The Joe Musgrove ear check caused quite a stir Sunday night during the sixth inning of the win-or-go-home Game 3 between the Mets and Padres.
Mets manager Buck Showalter had umpires check Musgrove for possibly using a “sticky substance,” particularly his glistening ears. But after the umps checked it was determined there was no wrongdoing on the Padres pitcher’s part.
That left many more questions being asked by fans, particularly about what, if anything, could possibly be on Musgrove’s ears?
Milwaukee Brewers outfielder Andrew McCutchen offered some behind-the-scenes insight as to what may have really been going on.
McCutchen tweeted that many pitchers put Red Hot — a type of ointment — on their ears as a way to stay locked in during games because it burns so much.
The Brewers outfielder said that this ointment is by no means sticky and he does not understand why pitchers think it helps, but they do it anyway.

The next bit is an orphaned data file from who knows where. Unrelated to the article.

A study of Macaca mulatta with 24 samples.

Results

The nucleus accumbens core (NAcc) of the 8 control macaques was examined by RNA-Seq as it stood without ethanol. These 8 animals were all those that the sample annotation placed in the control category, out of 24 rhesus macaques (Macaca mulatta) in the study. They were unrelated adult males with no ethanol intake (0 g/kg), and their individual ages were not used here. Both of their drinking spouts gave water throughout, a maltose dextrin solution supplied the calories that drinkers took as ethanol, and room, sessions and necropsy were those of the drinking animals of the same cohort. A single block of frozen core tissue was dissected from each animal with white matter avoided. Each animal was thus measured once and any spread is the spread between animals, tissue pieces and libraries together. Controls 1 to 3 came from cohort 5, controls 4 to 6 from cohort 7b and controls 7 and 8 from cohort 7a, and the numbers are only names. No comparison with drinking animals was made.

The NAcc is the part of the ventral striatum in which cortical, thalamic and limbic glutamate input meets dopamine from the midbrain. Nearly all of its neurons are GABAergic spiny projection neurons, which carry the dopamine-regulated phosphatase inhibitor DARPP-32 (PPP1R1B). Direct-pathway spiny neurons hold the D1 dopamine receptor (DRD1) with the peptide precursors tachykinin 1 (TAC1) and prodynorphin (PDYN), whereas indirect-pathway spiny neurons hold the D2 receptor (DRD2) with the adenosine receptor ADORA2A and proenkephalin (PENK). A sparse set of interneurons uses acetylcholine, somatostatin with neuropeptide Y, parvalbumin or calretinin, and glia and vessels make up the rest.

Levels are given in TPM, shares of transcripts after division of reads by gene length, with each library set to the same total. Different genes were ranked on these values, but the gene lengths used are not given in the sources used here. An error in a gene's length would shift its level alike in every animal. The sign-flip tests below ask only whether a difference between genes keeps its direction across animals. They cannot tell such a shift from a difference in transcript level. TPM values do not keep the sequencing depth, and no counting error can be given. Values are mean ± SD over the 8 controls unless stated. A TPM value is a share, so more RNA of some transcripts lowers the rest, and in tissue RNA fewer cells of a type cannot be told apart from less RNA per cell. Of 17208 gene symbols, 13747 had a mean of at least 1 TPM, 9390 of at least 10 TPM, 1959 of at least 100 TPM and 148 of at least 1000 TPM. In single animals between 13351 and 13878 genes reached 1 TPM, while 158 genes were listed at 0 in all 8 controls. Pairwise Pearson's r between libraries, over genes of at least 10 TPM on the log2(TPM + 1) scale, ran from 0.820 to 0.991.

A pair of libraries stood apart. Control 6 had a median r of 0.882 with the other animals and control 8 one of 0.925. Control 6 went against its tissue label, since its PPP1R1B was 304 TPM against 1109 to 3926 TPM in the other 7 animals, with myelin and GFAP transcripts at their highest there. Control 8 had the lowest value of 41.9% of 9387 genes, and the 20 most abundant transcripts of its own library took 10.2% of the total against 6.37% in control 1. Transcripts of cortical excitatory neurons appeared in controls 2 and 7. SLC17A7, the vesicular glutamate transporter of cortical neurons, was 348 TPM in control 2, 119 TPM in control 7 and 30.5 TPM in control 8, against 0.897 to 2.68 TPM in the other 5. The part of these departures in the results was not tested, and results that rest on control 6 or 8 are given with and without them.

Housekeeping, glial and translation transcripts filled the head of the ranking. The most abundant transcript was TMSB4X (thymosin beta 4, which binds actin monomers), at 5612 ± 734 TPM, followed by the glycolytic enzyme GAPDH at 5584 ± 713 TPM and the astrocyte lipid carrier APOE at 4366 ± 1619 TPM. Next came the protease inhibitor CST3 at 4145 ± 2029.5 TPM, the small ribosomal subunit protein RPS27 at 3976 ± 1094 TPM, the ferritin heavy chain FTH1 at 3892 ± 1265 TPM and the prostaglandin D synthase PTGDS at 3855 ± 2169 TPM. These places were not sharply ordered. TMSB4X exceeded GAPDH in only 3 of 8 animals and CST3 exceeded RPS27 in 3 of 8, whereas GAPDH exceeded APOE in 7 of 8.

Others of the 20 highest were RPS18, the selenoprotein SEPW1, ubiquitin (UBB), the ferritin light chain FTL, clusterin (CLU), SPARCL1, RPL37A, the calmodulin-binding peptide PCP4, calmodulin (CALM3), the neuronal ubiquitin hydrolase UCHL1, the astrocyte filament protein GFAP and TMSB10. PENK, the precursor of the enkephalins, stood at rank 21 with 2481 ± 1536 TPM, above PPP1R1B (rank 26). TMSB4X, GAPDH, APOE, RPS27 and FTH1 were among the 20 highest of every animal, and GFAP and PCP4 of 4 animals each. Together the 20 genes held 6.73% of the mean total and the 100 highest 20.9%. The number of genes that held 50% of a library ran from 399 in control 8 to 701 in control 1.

It certainly could explain why Musgrove’s ears were glistening, resulting in many on social media speculating before Showalter ultimately had him checked.
It does not, however, explain why Musgrove’s spin rate was higher than his average on Sunday night. Then again, those are just averages so he could just be having an above average day.
Whatever the case, Musgrove showed up when the Padres needed him the most — becoming the first pitcher to throw at least seven innings and allow fewer than two hits in a winner-take-all game — and it certainly made for the first big controversy of the MLB postseason.